In a move lauded by the Pew Environment Group the Maldives today declared its exclusive economic zone (EEZ), 90,000 square kilometers of the Indian Ocean, as a shark sanctuary free from all shark fishing and also banned all imports and exports of shark fins. The Maldives is home to more than 30 shark species, including the scalloped hammerhead, the most prominent shark to be considered for protection at the upcoming meeting of the Convention on International Trade in Endangered Species (CITES).
“The Maldives were one of the first countries to recognize that sharks were a key reason tourists went to dive there,” said Matt Rand, director of Global Shark Conservation for the Pew Environment Group. “Today's announcement protects the Maldives' tourism industry – the largest segment of their economy – from the ravages of the shark fin trade. It is a bold and farsighted move on the part of the government of the Maldives.”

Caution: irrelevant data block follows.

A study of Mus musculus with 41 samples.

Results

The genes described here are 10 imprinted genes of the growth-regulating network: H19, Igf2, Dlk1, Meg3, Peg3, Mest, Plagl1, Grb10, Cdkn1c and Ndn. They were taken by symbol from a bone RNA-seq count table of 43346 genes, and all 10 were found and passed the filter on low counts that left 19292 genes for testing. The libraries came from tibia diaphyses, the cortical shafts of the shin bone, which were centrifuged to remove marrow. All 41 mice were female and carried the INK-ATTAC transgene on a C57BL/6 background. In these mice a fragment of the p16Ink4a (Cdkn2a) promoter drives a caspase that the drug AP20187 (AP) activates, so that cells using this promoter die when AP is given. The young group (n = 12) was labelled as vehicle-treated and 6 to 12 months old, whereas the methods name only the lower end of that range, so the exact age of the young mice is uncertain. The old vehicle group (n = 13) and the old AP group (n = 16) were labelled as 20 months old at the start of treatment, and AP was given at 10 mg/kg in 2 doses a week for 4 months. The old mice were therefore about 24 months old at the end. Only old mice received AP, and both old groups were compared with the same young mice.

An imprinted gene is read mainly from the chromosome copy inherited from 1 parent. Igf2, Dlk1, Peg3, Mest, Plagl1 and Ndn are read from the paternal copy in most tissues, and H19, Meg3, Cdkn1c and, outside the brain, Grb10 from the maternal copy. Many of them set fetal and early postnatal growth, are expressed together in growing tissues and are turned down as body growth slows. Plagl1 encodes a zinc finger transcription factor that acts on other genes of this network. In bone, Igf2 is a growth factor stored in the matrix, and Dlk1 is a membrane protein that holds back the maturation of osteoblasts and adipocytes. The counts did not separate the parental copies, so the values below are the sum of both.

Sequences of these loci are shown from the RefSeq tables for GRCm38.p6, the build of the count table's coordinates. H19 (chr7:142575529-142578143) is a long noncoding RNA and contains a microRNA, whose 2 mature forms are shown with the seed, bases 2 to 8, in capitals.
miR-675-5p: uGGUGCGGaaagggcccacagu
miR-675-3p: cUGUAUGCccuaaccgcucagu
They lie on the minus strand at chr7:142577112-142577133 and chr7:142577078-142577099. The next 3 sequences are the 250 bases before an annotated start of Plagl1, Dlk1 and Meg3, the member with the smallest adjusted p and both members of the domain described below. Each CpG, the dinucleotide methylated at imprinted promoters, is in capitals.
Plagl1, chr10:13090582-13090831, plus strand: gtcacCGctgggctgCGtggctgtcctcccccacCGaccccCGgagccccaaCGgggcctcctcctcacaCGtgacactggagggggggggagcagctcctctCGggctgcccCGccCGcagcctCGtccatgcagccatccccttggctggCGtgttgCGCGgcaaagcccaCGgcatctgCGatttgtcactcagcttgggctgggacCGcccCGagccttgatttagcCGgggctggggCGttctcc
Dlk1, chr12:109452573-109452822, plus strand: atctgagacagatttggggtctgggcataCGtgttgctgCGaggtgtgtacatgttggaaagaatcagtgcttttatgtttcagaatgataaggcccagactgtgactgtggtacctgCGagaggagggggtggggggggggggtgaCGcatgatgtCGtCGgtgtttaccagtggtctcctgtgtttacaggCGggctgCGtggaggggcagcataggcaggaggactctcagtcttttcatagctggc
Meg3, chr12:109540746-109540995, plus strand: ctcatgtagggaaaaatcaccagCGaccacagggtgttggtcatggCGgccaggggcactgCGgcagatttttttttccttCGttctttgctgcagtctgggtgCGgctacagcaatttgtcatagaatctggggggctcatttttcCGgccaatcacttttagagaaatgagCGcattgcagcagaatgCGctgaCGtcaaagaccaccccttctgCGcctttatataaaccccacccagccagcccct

“Shark tourism” is a growing sector in the Maldives and in many other countries. In 2006, the Australian government's Reef & Rainforest Research Center conducted a survey of visitors to the Great Barrier Reef and estimated that up to 25% (or $1,375) of each visitor's expenditure was directly attributable to the opportunity to see sharks. More than 40% of the tourists said that hammerheads were the top shark that they wanted to see.
The Maldives beaches and coral atolls account for 28% of its GDP. But fishing is also a growing industry in the country's EEZ and a direct competitor with ecotourism for resources. Thirty percent of shark species are threatened or near-threatened with extinction and up to 73 million sharks are killed every year around the world for the shark fin trade, largely for shark fin soup. Two of the CITES shark proposals, for scalloped hammerheads (and four look-alike species) and oceanic whitetips (also found in Maldives waters), will address this threat head-on.
“Countries are beginning to recognize just how important vibrant shark populations are to healthy ocean ecosystems, and to their ecotourism industries,” said Rand. “The Pacific island of Palau, whose pristine marine environment is a favorite of the dive community, created a shark sanctuary in its own waters in September 2009 and has sponsored all four of the CITES proposals to protect sharks. We will see at CITES whether the rest of the world will also step forward and save sharks.”